Private universities are pushing for protections from lawsuits stemming from a requirement that they now make records from their police forces available to the public.

Bill would give private universities protection

Private universities are pushing for protections from lawsuits stemming from a requirement that they now make records from their police forces available to the public.

State Rep. Kirk Schuring, R-Canton, has submitted a bill that would give private institutions such as the University of Dayton and Wittenberg University the same legal protections afforded to public colleges and universities.

“If you’re doing what the law requires you to do, there should be some protection for those who claim they were defamed or libeled,” Schuring said this week.

The Ohio Supreme Court ruled last year that if private police departments operate with all of the powers of regular police — replete with badge, gun and arrest powers — they need to make incident, arrest and investigative reports available to the public.

Prior to that, police departments such as UD’s would release only scant details of reported crimes and full details only when someone was charged in court.

Schuring’s bill came at the urging of the Association of Independent Colleges and Universities of Ohio, which represents 51 institutions in the state, including all of the private colleges and universities that have private police forces.

AICUO President C. Todd Jones said private institutions worry about unintended consequences as they strive to suddenly make all of these records public.

“When law is effectively changed by a court, all of the implication and variations of a policy issue that would be worked out through a legislative process are not worked out through a judicial decision,” he said.

The biggest worry, he said, is that private schools don’t have “sovereign immunity,” which makes it difficult to sue public institutions for following the law.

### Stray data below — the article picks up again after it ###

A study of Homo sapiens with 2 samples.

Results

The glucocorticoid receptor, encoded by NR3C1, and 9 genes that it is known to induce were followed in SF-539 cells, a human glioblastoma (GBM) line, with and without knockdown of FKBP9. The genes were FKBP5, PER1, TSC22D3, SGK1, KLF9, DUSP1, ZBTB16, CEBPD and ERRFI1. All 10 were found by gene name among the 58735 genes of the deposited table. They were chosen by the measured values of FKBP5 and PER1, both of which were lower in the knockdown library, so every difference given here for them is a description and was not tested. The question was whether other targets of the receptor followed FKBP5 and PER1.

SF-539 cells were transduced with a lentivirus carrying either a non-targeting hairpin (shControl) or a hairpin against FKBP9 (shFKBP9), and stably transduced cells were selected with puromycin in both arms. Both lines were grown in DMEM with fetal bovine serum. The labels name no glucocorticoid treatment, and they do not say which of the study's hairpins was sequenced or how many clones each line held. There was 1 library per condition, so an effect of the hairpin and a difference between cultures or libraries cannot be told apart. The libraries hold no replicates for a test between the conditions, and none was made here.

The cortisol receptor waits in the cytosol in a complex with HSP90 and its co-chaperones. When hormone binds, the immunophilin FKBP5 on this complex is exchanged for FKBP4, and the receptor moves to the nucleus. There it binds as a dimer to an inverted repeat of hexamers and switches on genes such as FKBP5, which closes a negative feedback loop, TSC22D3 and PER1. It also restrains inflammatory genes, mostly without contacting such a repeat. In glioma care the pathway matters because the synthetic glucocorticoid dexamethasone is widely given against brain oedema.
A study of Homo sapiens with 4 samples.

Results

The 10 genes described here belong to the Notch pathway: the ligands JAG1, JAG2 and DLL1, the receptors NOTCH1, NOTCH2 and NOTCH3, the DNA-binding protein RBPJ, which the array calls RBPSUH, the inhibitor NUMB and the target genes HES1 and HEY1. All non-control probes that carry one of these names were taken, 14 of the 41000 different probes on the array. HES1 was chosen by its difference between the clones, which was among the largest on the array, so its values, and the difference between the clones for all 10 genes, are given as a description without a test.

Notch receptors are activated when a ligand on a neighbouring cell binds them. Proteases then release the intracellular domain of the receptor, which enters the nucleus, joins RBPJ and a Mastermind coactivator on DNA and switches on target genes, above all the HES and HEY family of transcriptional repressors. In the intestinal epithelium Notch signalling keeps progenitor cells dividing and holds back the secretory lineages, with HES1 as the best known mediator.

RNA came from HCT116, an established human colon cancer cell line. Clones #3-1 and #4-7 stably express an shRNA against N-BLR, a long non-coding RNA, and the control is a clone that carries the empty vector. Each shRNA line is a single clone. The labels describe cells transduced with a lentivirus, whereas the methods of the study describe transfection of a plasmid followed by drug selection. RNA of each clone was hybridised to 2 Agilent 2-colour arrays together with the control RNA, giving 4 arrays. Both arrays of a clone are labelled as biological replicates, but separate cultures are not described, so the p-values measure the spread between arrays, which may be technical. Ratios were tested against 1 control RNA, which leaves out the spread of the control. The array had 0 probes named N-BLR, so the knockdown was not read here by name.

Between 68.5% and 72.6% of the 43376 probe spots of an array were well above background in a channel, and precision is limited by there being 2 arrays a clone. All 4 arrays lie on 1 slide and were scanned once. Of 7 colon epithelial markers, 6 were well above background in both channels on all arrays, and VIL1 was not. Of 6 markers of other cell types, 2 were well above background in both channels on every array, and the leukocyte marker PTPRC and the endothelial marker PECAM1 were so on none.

An example: Imagine a witness to an alleged crime made false and disparaging claims against the purported suspect or victim. Those claims could end up in a police report, which would be released to the public, creating libel concerns.

Or imagine videotape used as evidence that could include compromising images of other students, possibly invading their privacy.

“Under the law, if there’s ever a lawsuit against a public entity for the release of public (records) like this, there are very substantial limitations on whether that lawsuit can go forward,” Jones said. “Whatever protections exist for release of public documents for public intuitions, (should) also exist for release of documents from private, nonprofit institutions.”

University of Dayton officials say they are working closely with AICUO and other private universities in Ohio to support the legislation.

This newspaper has reported that private colleges and universities are still working to fully comply with the law. Public and private universities across Ohio have shown varied interpretations of the law and how to follow it. Cox Media Group — the parent company of this newspaper — hosted a forum in February with the goal of ensuring that the media, legal community and institutions of higher education are all on the same page.

Dennis Hetzel, executive director of the Ohio Newspaper Association, said his organization is still reviewing Schuring’s bill, but generally supports efforts to make more law enforcement records public.

“Otherwise police have the right to secretly arrest or detain people and do investigations in secrecy,” he said. “If universities don’t want to be subject to the public records law, they shouldn’t be using sworn police officers who have the same powers other police officers have.”